We’re pleased to announce the launch of BLIP Magazine (@ BLIPmagazine.com) — a curated publication featuring articles for marketing communications professionals on strategies and tactics for SEO, Social Media, Content Marketing, A/B Testing, Conversion Rate Optimization and more. Inspiration for the name BLIP came from how fast things move in this space — Blip… Google has changed its algorithm… Blip we’re mobile centric now… Blip… there’s a new social media marketing tool. You get it.
Earlier I wrote about four different content curation tools we use and one of them is FLIPboard, the technology behind BLIP. It’s hip (sorry, couldn’t resist that). But seriously, we like it as a collaborative tool for our SEO Editing and Marketing Consulting team to work together to find intermediate and advanced level articles on strategic marketing. The app versions are strongly implanted on the majors — iOS, Android, and Windows. We like how the app versions flip you from page to page with your index finger — recalling that “old technology” experience… reading a printed magazine.
BLIP: Great Analytics Tactic To Find Blog Post Ideas
So here’s a take-away from the latest BLIP issue — an Analytics tactic to uncover your popular content so you can write more articles on the same topics. The original article written by Andy Crestodina at Unbounce.com, talked about zeroing in on top posts by comparing time spent on them to site average time spent on content. This is great because it requires you to get out of the comfort zone of standard reports in Analytics and click to rejigger a view offering fresh insights.
We tried Crestodina’s recommendation at Webdirexion and found out that some posts we thought were high value to us were probably not the most engaging. Let’s compare what you’d see in a standard view to the “average time on page view”:
Standard view –Everyone likes to look at traffic to posts and content:
Above you can see the standard view (no rejiggering) in Analytics for top content suggests that our top two stories are:
- One on Four Marketing Funnel Strategies, with 229 visitors, and a conversion goal page value of $7.61
- A WordPress category for Healthcare Marketing articles with 94 visits and a conversion goal page value of $17.35 (we are happy about this one because we have five clients in healthcare)
I think that the second item — the category of articles — is perhaps showing some true value because of the high dollar goal values, where goals we set follow visitors through our site to desired outcomes like lead gathering, PDF downloads, etc. But what about that article on funnel strategies — is this analytics data view telling us we need to write more articles on this topic? Well, let’s apply our new technique to get to the answer…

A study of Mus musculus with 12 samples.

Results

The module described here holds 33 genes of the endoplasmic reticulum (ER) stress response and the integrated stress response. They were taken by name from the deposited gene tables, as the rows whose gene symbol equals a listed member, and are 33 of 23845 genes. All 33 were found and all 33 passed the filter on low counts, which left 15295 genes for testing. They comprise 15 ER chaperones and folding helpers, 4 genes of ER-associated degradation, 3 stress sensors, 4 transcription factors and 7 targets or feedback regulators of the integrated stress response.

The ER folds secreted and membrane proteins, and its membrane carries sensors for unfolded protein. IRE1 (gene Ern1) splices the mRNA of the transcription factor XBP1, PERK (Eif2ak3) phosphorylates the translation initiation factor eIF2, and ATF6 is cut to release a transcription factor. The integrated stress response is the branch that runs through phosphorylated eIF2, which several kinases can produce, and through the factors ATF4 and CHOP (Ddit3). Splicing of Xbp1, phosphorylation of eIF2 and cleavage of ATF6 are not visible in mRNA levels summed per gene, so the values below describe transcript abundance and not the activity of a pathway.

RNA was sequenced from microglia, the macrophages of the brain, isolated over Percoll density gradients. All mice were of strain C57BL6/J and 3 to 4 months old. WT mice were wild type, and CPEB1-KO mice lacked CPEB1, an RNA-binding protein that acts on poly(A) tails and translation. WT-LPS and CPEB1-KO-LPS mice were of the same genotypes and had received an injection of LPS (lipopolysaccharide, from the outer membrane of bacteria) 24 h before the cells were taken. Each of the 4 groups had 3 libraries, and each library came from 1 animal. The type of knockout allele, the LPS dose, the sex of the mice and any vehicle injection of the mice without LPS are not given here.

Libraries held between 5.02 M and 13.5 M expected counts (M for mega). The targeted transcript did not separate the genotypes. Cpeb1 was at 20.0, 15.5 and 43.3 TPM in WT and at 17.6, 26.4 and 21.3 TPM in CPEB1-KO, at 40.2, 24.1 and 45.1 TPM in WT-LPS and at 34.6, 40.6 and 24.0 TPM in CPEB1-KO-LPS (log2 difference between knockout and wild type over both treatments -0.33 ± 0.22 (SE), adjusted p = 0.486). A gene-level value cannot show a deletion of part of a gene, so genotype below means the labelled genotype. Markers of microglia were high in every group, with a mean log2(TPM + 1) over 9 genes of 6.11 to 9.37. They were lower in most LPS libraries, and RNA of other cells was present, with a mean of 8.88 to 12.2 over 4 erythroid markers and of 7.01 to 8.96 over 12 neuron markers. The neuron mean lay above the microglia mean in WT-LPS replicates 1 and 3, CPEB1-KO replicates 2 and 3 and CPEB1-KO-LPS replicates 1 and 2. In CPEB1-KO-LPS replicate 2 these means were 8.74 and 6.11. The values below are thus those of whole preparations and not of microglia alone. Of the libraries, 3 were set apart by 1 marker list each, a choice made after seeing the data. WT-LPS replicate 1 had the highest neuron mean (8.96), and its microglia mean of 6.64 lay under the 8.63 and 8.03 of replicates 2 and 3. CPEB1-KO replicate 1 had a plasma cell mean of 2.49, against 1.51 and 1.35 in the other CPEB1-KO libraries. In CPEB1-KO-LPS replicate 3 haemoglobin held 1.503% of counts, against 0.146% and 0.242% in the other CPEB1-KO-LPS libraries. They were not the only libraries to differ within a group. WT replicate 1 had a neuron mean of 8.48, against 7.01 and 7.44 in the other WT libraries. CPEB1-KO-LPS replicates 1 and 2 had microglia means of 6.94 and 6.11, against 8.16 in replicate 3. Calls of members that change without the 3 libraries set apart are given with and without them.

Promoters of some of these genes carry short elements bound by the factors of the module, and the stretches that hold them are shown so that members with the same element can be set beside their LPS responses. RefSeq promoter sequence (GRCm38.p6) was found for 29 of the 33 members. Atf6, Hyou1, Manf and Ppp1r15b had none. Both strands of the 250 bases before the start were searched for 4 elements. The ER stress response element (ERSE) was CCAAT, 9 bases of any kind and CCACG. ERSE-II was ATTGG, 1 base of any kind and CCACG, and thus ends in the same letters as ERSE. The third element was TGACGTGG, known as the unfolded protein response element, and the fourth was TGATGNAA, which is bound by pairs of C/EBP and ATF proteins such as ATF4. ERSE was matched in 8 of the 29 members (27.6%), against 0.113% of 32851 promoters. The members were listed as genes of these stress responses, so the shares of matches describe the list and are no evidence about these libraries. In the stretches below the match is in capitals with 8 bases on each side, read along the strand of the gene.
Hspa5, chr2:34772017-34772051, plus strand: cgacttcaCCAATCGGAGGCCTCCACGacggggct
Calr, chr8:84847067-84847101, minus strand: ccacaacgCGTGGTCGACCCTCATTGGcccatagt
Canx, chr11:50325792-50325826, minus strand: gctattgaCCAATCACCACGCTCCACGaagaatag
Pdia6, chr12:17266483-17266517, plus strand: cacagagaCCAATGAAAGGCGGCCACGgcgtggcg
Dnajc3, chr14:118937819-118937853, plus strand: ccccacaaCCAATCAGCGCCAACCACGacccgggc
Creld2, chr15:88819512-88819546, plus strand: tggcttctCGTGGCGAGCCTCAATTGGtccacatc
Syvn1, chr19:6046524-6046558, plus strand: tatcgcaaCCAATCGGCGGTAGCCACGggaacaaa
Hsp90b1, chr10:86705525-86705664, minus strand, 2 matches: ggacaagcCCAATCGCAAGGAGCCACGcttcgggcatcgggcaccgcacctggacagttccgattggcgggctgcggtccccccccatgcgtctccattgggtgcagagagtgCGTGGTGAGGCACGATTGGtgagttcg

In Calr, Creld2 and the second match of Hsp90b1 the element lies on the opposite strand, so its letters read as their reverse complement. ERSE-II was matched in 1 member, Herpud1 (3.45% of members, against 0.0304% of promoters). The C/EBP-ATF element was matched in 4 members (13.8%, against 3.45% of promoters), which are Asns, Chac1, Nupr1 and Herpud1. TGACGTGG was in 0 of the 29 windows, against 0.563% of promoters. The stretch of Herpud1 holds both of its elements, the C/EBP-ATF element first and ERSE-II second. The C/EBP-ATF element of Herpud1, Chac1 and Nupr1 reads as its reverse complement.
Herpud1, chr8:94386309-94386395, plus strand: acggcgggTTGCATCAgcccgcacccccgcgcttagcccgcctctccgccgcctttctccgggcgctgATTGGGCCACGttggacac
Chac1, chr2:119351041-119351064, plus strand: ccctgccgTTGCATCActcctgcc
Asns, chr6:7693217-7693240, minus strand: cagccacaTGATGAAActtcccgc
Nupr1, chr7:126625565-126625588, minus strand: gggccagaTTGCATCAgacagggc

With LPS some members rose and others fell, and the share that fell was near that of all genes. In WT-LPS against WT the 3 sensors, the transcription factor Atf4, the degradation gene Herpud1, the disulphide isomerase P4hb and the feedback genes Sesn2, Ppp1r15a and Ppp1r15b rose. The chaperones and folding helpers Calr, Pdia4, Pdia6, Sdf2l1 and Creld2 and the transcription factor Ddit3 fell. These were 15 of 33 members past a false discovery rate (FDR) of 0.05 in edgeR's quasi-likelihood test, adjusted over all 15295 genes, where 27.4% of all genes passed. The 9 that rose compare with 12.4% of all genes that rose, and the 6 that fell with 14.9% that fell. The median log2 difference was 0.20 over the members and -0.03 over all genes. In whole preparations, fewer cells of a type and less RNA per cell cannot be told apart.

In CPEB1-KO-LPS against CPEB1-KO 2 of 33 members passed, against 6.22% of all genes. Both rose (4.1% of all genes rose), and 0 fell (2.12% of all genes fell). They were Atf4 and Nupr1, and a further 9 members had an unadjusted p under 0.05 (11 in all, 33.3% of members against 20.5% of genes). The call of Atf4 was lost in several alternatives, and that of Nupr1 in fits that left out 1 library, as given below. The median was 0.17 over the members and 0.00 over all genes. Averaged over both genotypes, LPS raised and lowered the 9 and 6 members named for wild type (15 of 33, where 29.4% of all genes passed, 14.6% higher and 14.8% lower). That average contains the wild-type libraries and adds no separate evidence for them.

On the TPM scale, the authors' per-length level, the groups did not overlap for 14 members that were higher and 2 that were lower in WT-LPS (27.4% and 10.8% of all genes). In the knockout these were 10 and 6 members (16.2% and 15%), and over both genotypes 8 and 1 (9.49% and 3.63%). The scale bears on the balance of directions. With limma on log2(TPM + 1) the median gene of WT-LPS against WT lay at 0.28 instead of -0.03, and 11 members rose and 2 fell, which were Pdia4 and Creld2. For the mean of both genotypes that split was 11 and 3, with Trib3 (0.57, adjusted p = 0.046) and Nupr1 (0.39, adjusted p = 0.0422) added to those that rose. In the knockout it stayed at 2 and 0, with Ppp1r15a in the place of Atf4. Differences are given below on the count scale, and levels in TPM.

Time Spent on Content View Tells a Different Story:
Above we can see that our top two topic candidates for new articles are:
- Articles on curating publications — 633% time on article compared to average time on pages
- Articles on WordPress site design — 263% time on article compared to average time on pages
A couple of trailing questions and some initial answers — but we’d love to hear from you too on analytics for blog topics, and what you’d like to see more of in BLIP Magazine…
Should we focus more on conversions, or engagement? Rand Fishkin (of MOZ) has an interesting insight on this question in a recent interview — he said SEO and Content Marketing are NOT in conflict with conversion rate optimization. Paraphrasing, he says let content be content for engaging visitors, and let landing pages focus on converting visitors to leads. Translation: it’s more important to engage visitors so they will come back than try to give a call to action for a conversion on the first visit. This means in the two views above, we should focus on the second one as the best indicator for desirable future content.
Is Analytics the best and final tool to gauge visitor behavior? No. Analytics only tells you what visitors do and what they do not do. It cannot tell you why. To learn why, you have to ask visitors. You can to that with comment interactions, polls, tests that ask for written feedback, and that good old technology of phones and email. Wait a minute… I don’t have a “phone” anymore other than a mini-computer I call a smart phone. Oh well… I can still talk to prospects and clients and find out what works and doesn’t work.